Feldspars are very common minerals in the Earth’s crust. Their name derives from the German for ‘field crystal’ and refers to the fact they are minerals that do not contain ore. With one or two exceptions, they are of low economic value.

The provincial mineral of Newfoundland and Labrador is a feldspar, however, and it doesn’t need to yield ore. Thanks to its unique structure, it contains something rather more wonderful. It has magic locked within.

That magical mineral is labradorite, a variety of feldspar rich in calcium. It is normally grey, white or almost transparent. In the right light, however, it suddenly reveals a secret inner self and shows off a glowing heart of ice and fire. Quite why has been a subject of myth and mystery for centuries.

Fire and ice

It was named ‘Labradorstein’ in the 18th century after Moravian missionaries in Nain brought it to the attention of European naturalists. The type locality is Paul’s Island, where the geology is dominated by a huge mass of crystalline rock – anorthosite – composed of almost nothing but labradorite.

In igneous rocks that cooled from iron- and magnesium-rich magma, labradorite is one of the most common components. If the magma cools slowly, the labradorite is one of the first compounds to begin solidifying from the melt. It thus has time to grow into large crystals that interlock and bond together. Being buoyant in comparison with the molten remainder, the labradorite-rich mush then begins hardening in the Earth’s crust, whilst the denser fluid sinks down to greater depths.

In the case of Nain, this process took place about 1.3 billion years ago. The molten rock insinuated itself into a huge fracture system deep beneath the Earth. This wrenched-apart crust is known as the Abloviak shear zone, and is half-a-billion years older still.

Such magnitudes of time may be impossible to comprehend, but the processes can at least be examined and interpreted from the rock types and structures. It is thought that the 1.8 billion year-old shear zone was formed during a period of mountain-building called the Torngat orogen. Plate tectonics dragged two previously separate landmasses – the Nain province and the Churchill province – together, producing a continental suture zone.

Smashed and welded together, Nain and Churchill formed a high mountain range, but eventually the stresses became too much, and they began trying to separate. As Bob Dylan almost sang, it was destiny which pulled them down and gravity which broke them apart.

As the fractures at the root of their union began to open up, however, so their progeny – the molten rock created by the heat of their embrace – worked to hold them together. Like a furious, tenacious toddler clinging to its parents, the magma squeezed itself up, froze in place, and stopped them breaking away. The two continents would now be married forever; united by labradorite.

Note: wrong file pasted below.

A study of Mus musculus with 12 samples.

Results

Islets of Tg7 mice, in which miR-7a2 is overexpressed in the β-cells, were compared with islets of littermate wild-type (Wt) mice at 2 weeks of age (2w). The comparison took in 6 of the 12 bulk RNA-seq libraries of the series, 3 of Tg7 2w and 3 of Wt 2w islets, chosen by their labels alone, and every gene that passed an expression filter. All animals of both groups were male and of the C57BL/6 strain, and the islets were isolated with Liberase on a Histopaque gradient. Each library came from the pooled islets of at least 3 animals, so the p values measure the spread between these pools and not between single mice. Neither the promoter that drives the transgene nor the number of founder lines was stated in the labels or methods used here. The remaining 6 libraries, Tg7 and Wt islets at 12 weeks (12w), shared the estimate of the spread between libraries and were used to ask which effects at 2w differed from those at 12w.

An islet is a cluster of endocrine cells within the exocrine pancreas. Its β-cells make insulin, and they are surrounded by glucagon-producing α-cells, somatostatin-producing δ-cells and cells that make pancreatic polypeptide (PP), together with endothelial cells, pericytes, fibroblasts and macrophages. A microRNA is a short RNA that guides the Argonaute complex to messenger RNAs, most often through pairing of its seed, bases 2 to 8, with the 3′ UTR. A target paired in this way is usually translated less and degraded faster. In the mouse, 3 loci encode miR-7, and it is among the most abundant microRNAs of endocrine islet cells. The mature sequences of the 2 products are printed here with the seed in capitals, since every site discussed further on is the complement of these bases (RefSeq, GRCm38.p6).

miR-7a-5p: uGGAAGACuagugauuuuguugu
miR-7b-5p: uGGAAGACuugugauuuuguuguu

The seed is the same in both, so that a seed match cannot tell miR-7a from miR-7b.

Millions of years later, erosion and tectonics brought the rocks up to the surface, where (eventually) humans came eye-to-eye with the mineral’s extraordinary optical properties. It is said that the first Labradorians to see it thought it was the northern lights made stone: the aurora borealis trapped inside a crystal. As a description it is hard to improve upon.

Powers, real and imagined

The brilliant play of colours is a phenomenon known as a schiller effect. It occurs in a few feldspars, and its resemblance to a lunar glow shimmering on water means they are sometimes referred to as moonstones. This turns out to be remarkably literal: feldspar-rich anorthosite is the oldest rock in the crust of our satellite.

The light of labradorite is so unusual though, that it has been given its own name: labradorescence. Scientifically, it is now known to derive from the scattering of light by internal layers that formed as the labradorite crystals grew. As the lamellae aren’t perfectly parallel (the name anorthosite means ‘not straight’), the light misbehaves when it hits them, producing the extraordinary interference colours.

Unsurprisingly, these idiosyncrasies give labradorite a commercial character. The anorthosite of Nain is a globally popular decorative building stone, the labradorite itself a semi-precious stone, a mineral that can be made to shine by a skilful craftsperson.

Sadly, it is also a money-maker for various charlatans who make ridiculous claims of its properties.

‘[W]earing labradorite allows one’s innate magical powers to surface,’ barks one online loon. It doesn’t. Labradorite ‘alleviates rheumatism and gout’ claims another, without a shred of evidence.

A third offering – that the mineral is ‘beneficial to the lungs’ – is actually dangerous. Labradorite is a key component of many highly explosive volcanic ashes, such as in the Soufriere Hills of Montserrat, and inhaling the particles can cause acute and chronic respiratory diseases.

There is nothing in the slightest wrong with taking pleasure from such a marvelous mineral. It is wholly understandable. To imbue an inert substance with special powers and use them as a marketing tool is quite another thing, and quite wrong.

Labradorite is ancient, tough and, when properly illuminated, simply beautiful. The essence of Labrador, perhaps. That really should be sufficient.